Induced fibrillation is equally effective as crystalloid cardioplegia in the protection of fetal myocardial function.




Fetal cardiac intervention represents a potential advance in the treatment of congenital cardiac lesions that increase in complexity during development. Prenatal repair of a primary defect might prevent pathologic blood-flow patterns that can result in hypoplasia of a cardiac chamber or great vessel. However, strategies to optimize fetal myocardial protection have not been studied. A biventricular working fetal heart preparation was used to evaluate the cardioprotective properties of induced fibrillation and crystalloid cardioplegia.


Hearts from 16 fetal lambs at 115 to 125 days' gestation were harvested and perfused with Krebs-Henseleit solution. The descending aorta was ligated distal to the ductal insertion and the branch pulmonary arteries were ligated to simulate the parallel circulation of the fetus. Hearts were arrested with normothermic fibrillation (n = 8) or hypothermic crystalloid cardioplegia (n = 8) before reperfusion with Krebs-Henseleit solution. Baseline and postarrest myocardial function measurements were obtained from analysis of pressure-dimension relationships.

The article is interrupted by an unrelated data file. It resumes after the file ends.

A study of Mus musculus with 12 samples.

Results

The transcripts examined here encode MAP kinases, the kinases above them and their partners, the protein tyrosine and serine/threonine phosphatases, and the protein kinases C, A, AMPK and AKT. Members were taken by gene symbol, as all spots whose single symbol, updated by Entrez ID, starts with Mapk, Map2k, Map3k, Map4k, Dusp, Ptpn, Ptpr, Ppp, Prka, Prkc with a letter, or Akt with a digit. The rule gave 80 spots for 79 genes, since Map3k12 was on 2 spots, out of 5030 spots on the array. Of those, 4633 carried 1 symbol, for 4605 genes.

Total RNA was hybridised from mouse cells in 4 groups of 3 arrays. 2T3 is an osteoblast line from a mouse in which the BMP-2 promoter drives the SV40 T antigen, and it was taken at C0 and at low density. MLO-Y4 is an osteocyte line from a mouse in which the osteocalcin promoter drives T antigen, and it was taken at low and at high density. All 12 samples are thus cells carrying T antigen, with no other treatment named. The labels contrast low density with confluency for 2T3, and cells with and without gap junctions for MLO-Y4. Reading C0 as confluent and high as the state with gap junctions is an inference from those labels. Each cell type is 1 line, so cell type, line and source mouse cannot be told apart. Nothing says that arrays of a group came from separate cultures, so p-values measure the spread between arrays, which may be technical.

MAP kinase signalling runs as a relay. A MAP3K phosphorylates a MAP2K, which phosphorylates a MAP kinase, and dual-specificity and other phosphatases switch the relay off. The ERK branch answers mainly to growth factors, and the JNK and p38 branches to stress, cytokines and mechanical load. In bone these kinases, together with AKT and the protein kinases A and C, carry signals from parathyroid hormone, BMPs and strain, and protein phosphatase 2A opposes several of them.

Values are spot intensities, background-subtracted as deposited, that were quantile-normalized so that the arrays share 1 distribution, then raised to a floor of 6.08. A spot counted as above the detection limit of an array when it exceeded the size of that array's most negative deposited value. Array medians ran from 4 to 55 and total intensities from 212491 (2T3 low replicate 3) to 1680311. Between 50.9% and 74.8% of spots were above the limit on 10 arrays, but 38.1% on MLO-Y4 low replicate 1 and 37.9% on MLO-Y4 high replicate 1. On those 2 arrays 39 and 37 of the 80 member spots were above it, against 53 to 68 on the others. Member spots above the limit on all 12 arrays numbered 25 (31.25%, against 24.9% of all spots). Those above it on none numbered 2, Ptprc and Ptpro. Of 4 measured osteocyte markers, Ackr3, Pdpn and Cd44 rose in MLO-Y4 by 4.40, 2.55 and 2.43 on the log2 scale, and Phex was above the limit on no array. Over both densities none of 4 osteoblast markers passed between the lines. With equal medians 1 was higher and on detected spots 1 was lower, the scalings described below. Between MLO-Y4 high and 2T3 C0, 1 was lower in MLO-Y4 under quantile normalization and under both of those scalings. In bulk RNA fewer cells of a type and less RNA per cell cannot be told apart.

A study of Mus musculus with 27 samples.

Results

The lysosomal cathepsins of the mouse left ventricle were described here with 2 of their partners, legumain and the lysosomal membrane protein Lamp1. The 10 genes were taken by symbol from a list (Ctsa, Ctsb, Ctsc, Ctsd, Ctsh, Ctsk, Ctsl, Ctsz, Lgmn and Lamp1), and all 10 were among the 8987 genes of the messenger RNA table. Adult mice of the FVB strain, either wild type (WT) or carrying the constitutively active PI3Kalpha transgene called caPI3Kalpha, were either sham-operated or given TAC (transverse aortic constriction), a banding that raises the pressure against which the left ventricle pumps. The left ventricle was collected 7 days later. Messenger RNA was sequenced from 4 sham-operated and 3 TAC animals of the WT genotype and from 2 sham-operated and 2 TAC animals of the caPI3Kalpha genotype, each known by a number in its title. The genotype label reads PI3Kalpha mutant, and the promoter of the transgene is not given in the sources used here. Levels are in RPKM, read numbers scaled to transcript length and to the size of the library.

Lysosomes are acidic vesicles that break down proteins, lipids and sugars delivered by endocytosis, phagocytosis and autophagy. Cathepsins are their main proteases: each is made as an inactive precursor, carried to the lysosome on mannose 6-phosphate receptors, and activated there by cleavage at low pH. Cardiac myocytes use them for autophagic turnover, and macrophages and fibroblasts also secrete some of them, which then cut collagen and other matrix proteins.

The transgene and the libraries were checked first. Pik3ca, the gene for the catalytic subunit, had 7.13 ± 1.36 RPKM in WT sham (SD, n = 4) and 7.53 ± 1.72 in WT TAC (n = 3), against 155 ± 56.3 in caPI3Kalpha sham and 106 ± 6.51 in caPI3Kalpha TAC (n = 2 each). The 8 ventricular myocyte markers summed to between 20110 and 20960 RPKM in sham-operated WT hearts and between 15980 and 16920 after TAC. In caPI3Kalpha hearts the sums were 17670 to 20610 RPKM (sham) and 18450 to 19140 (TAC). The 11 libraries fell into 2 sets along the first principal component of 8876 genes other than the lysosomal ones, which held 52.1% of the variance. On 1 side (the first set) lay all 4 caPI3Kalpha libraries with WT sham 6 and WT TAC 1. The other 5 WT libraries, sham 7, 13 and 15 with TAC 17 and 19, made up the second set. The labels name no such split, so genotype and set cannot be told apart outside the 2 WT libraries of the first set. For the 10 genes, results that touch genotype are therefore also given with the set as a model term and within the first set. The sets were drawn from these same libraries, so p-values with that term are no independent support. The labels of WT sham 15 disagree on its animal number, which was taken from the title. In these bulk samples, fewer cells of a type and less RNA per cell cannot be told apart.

Fibrillatory and cardioplegic arrest were equally effective at preserving postarrest systolic function (left ventricle, 70% +/- 5% vs 68% +/- 15%, P =.52; right ventricle, 68% +/- 4.5% vs 65% +/- 4.5%, P =.26) and preventing increased diastolic stiffness (left ventricle, 32% +/- 5.3% vs 38% +/- 11%, P =.24; right ventricle, 25% +/- 3.3% vs 27% +/- 2.1%, P =.46). Myocardial water content was unchanged in hearts arrested with fibrillation and cardioplegia (84% +/- 1.5% vs 83.7% +/- 0.9%, P =.71).


Normothermic fibrillation and hypothermic crystalloid cardioplegia provide equal protection of the fetal myocardium. In the setting of diminished fetal myocardial reserve and because of the limited ability to manipulate the surrounding temperature in the fetus, normothermic fibrillation may be preferable for in utero repairs of selected congenital heart defects.